Mike Kueber's Blog

June 26, 2011

Aphorism of the Week #1 – a camel through the eye of a needle

Filed under: Aphorism — Mike Kueber @ 4:26 am
Tags: , , , ,

Last week, as I was returning to San Antonio from North Dakota, I listened to several conservative talk shows, including Glenn Beck’s.  A couple of Beck’s shows were focused on Chris Christie, the governor of New Jersey.

During those shows, Beck and his sycophants exhibited a strong case of man-love for Christie and relied on two clips to justify their love.  One of the clips showed Christie telling off a teacher who had the audacity to challenge Christie’s public-education cuts while sending his kids to Catholic schools.  Christie smugly told her it was none of her business where his kids went to school, but then went on to answer the question.

The second clip was an anti-Christie commercial from New Jersey educators complaining that Christie was a millionaire and that several of his aides were millionaires.  Beck and his wing-men made fun of the second clip by suggesting that perhaps the teachers would feel Christie was better qualified if he and his aides had not achieved financial success (a la Harry Truman).

Although the Beck ridicule is unquestionably valid, I wonder if the commercial is nevertheless effective because a lot of people think that most rich people don’t deserve their wealth.  Such thinking is consistent with my first aphorism of the week:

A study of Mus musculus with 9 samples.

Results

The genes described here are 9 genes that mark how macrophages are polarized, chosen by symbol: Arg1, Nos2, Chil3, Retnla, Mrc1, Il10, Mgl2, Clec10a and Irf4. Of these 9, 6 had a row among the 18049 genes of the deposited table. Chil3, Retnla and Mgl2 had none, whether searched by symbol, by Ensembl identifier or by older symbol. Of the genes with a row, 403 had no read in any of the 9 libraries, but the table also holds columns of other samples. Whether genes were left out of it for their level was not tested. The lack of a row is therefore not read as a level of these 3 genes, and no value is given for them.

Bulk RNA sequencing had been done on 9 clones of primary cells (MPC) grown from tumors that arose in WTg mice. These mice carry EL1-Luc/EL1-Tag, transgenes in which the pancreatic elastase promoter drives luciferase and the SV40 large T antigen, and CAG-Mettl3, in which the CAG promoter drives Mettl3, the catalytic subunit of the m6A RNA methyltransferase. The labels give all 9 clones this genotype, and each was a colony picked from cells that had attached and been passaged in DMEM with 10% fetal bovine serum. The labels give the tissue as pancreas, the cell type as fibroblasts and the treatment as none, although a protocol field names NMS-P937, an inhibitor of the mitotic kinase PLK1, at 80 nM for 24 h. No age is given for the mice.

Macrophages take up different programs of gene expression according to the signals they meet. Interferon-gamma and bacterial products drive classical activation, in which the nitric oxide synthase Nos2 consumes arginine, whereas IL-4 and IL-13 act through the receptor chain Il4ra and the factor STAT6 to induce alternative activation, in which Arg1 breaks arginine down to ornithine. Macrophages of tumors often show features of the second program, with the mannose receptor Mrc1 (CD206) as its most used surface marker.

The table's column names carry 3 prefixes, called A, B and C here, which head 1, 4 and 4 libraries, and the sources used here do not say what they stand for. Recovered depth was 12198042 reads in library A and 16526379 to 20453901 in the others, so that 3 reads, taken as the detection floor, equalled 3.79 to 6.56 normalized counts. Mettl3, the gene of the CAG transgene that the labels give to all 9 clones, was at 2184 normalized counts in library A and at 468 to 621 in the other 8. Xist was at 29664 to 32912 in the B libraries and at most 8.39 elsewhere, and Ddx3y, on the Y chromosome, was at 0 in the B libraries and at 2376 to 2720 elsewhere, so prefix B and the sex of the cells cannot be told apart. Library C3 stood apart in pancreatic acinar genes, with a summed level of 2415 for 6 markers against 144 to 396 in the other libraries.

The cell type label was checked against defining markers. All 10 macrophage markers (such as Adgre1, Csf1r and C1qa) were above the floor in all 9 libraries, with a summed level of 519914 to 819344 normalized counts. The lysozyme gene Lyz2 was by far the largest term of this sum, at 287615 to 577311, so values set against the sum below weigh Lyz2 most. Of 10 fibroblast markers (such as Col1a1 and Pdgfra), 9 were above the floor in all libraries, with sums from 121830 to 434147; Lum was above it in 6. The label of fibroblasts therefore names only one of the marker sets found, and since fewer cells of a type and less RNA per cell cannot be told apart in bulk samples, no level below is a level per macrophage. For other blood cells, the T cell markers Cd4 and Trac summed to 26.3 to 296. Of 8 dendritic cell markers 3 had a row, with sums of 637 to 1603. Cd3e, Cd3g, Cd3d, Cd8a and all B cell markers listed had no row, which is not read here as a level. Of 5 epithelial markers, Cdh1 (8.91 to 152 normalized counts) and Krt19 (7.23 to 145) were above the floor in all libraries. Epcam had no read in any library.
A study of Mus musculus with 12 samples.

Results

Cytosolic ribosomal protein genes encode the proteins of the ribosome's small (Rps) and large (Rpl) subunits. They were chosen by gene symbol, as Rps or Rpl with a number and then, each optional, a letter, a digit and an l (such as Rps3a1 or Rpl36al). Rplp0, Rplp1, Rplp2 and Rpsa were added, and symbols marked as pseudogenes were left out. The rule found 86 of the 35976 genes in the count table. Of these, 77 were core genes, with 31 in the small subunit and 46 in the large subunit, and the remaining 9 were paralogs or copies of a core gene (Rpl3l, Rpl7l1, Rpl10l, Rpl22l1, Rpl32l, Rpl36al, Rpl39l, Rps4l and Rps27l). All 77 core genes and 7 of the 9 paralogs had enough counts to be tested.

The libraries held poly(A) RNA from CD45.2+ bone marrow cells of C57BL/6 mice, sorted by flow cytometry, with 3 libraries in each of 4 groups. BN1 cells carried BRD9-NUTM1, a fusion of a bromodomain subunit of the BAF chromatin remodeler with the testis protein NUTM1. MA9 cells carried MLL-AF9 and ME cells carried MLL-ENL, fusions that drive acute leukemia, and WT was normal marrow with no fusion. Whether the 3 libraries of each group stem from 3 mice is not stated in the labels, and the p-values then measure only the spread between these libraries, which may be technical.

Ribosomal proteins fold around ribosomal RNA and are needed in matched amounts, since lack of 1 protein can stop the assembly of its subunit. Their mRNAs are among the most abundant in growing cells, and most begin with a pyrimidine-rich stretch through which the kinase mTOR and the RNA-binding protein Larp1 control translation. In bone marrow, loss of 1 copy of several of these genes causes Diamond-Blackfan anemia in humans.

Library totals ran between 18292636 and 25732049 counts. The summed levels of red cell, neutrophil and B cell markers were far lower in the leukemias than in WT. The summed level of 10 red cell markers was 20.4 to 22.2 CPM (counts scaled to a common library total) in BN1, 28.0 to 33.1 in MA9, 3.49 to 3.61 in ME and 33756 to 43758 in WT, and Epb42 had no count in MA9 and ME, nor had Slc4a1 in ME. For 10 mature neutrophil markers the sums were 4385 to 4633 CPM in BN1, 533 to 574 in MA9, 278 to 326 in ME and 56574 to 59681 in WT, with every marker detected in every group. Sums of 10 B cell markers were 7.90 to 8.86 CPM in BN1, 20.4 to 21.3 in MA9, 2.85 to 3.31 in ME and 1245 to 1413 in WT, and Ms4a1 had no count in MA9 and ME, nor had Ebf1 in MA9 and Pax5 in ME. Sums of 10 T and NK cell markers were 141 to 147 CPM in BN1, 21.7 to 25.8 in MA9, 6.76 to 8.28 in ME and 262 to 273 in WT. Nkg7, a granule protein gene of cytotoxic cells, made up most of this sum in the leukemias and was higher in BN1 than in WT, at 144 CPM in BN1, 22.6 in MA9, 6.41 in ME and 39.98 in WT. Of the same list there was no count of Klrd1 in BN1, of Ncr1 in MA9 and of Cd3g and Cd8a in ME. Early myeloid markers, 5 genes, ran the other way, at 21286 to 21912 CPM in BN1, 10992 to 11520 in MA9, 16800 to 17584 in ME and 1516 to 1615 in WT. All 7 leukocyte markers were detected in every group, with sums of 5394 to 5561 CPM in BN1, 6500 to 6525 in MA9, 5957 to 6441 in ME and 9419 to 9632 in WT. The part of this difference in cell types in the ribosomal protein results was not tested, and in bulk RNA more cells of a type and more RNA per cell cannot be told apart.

• “Truly I tell you, it is hard for someone who is rich to enter the kingdom of heaven.  Again I tell you, it is easier for a camel to go through the eye of a needle than for someone who is rich to enter the kingdom of God.”

This aphorism is recorded in the synoptic gospels – i.e., Matthew, Mark, and Luke.  Variations of it can also be found in Judaism (the Babylonian Talmud) and Islam (the Quran).

The saying was a response to a young rich man who had asked Jesus what he needed to do in order to inherit eternal life. Jesus replied that he should keep the commandments, to which the man stated he had done. Jesus responded, “If you want to be perfect, go, sell your possessions and give to the poor, and you will have treasure in heaven. Then come, follow me.” The young man became sad and was unwilling to do this.  Jesus then spoke this response, leaving his disciples astonished.

According to Wikipedia, the “eye of a needle” has been interpreted as a gate in Jerusalem, which opened after the main gate was closed at night. A camel could only pass through this smaller gate if it was stooped and had its baggage removed. This story has been put forth since at least the 15th century, and possibly as far back as the 9th century. However, there is no evidence for the existence of such a gate.

Thus, we are left with two conflicting interpretations of this aphorism – (a) the literal interpretation that the accumulation of wealth conflicts with the biblical value of loving your neighbor like yourself and (b) the modern rationalization that the accumulation of wealth merely creates additional challenges for achieving the kingdom of God.  I’m going with the latter.